Unsuspected urological anomalies in asymptomatic cryptorchid boys.
ABSTRACT In a period of 6 years 144 asymptomatic boys with cryptorchidism, of mean age 7 +/- SD 3.5 years, underwent orchiopexy. None of these boys referred to a history of a known urological anomaly, urinary tract infection, haematuria, palpable mass in the renal region, bladder extrophy, epispadias, hypospadias or anorectal malformation. On the third day after orchiopexy and intravenous pyelography was done in every boy following testicular protection against irradiation. Ultrasonic investigation was not available at that time. There were minor urological abnormalities in 36 (25%) boys and major ones in 8 (5.5%) boys. A major anomaly is defined as one resulting in significant loss of renal substance (one case of single kidney and three cases of unilateral renal hypoplasia), or requiring surgical correction for conservation of the renal substance (one case of ureterocele, two cases of pelviureteric stenosis and one case of vesicoureteric stenosis with ipsilateral hydronephrosis). The unsuspected major urological abnormalities are usually ipsilateral to the more undescended testis. They may be associated with a hernia and are more frequent in bilateral cryptorchidism. In conclusion we encourage the routine use of IVP, or ultrasonic investigation or dynamic renal scanning (99mTc-DTPA), if it is possible, in all patients undergoing orchiopexy for the detection of an unsuspected major renal anomaly.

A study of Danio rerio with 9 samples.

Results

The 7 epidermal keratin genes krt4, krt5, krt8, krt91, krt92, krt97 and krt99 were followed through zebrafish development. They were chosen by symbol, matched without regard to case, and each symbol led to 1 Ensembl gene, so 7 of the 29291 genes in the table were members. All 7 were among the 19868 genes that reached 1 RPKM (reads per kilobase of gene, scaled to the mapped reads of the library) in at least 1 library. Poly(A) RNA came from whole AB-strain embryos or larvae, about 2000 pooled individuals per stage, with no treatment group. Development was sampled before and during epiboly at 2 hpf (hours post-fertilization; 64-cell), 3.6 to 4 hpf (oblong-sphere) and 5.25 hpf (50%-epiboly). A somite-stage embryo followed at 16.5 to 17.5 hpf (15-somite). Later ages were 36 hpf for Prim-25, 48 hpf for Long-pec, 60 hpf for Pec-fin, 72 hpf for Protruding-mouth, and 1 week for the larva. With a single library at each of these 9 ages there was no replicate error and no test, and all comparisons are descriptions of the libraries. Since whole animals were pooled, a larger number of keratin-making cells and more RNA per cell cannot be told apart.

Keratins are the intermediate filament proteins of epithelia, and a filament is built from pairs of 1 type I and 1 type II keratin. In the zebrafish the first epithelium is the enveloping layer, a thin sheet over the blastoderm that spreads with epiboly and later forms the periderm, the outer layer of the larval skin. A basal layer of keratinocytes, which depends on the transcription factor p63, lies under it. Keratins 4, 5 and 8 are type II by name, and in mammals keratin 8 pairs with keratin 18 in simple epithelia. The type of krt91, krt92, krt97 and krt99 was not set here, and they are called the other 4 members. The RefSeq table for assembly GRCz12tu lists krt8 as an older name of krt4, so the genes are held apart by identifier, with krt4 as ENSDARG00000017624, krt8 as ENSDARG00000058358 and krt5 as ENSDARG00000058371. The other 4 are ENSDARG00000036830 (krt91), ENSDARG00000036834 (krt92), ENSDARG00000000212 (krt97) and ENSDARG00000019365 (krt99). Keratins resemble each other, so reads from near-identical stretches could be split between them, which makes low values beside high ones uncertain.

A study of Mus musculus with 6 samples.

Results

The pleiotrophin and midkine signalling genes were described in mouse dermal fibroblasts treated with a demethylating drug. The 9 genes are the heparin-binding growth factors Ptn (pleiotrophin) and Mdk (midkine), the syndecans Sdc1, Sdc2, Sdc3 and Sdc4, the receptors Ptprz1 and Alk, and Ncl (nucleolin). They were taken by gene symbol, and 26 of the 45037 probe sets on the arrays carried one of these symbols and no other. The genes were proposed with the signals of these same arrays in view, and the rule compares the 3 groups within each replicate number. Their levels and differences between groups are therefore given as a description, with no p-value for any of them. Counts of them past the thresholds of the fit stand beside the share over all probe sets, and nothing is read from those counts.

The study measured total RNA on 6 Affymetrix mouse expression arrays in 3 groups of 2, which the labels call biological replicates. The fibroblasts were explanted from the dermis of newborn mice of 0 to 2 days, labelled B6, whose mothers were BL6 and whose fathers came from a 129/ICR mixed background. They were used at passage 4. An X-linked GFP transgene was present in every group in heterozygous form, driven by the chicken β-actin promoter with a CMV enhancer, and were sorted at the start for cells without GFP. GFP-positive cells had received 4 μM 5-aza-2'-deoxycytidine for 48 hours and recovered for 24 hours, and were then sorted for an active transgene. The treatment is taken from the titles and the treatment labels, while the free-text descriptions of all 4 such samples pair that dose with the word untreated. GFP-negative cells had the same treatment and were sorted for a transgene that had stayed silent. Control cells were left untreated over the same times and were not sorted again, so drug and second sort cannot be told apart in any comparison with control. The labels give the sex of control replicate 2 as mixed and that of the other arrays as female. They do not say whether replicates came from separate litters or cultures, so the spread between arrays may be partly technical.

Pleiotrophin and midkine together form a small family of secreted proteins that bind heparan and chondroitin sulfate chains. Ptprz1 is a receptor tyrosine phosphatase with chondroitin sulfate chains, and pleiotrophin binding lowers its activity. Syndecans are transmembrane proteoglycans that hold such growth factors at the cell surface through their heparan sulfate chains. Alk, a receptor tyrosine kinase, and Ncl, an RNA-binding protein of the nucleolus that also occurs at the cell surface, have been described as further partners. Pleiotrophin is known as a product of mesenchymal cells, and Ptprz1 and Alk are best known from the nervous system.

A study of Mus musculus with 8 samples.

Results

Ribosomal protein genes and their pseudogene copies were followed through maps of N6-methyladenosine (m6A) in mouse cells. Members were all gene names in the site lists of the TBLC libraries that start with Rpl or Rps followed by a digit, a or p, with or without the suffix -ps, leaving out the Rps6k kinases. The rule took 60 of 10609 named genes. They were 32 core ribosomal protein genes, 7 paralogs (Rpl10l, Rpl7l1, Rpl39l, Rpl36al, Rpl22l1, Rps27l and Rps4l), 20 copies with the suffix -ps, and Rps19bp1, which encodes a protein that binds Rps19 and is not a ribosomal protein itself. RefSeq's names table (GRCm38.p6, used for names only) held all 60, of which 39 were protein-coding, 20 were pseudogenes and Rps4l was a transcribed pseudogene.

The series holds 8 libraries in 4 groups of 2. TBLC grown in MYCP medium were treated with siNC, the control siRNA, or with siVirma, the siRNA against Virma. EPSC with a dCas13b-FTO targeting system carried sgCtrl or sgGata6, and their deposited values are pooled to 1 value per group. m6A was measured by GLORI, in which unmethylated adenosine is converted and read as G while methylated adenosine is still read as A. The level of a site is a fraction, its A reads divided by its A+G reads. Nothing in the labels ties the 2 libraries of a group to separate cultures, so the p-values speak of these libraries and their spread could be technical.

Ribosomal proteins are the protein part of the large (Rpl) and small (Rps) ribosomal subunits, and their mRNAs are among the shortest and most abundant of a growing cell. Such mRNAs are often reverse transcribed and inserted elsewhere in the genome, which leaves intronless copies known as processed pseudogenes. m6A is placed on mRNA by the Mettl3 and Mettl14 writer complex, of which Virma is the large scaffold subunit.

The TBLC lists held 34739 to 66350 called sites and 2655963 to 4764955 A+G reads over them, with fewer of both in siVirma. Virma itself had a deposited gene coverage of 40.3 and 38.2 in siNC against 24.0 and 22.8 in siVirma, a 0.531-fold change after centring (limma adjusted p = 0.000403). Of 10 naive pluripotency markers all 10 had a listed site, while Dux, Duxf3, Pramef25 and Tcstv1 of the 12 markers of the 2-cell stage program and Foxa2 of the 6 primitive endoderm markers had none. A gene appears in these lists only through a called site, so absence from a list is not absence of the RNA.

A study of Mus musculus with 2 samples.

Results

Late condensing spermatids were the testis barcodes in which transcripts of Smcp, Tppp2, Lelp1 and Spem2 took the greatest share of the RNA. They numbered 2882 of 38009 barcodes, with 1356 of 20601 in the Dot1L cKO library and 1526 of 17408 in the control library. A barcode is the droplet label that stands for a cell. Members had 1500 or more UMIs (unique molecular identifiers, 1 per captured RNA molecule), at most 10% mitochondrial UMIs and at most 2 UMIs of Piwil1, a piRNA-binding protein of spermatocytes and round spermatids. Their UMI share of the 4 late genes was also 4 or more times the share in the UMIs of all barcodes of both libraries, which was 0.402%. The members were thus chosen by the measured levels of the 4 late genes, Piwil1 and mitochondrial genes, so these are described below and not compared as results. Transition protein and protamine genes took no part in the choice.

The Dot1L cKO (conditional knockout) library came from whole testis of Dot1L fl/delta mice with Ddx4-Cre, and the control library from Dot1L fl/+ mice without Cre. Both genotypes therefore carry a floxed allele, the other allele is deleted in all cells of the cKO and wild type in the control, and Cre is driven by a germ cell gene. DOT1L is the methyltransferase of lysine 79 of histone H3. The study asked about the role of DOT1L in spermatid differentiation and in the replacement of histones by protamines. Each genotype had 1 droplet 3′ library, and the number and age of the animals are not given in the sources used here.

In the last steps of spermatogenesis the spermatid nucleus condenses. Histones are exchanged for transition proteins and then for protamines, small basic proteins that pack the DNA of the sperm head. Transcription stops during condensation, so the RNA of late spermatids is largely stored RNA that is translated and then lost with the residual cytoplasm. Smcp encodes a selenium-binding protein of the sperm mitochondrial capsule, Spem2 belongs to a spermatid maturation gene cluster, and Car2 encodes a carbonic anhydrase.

Article: Que peut cacher un testicule caché ?[Show abstract] [Hide abstract]
ABSTRACT: Although cryptorchidism is probably the most frequent genital anomaly encountered in boys, this pathology remains largely unexplained and its long-term prognosis is still uncertain. Despite the relative easiness of this diagnosis, attention should be paid to some clinical traps, which can mislead the sexual identity. Indeed, beside the isolated common cryptorchidism, many troubles of the testicular migration can be associated with various malformative syndromes and can be named as “cryptorchidism symptoms”. Most of these syndromes are obvious, but some can be suspected only by the way of an abnormal descent of testis. Cryptorchidism, which is systematically screened out during any pediatric consultation, should play the role of clinical marker for various endocrine or genetic disorders. Among them, the intersex states should be underlined to avoid the harmful effects of misdiagnosis. We dealt with this subject through a clinical and practical approach.Archives De Pediatrie - ARCHIVES PEDIATRIE. 01/2004; 11(4):350-359.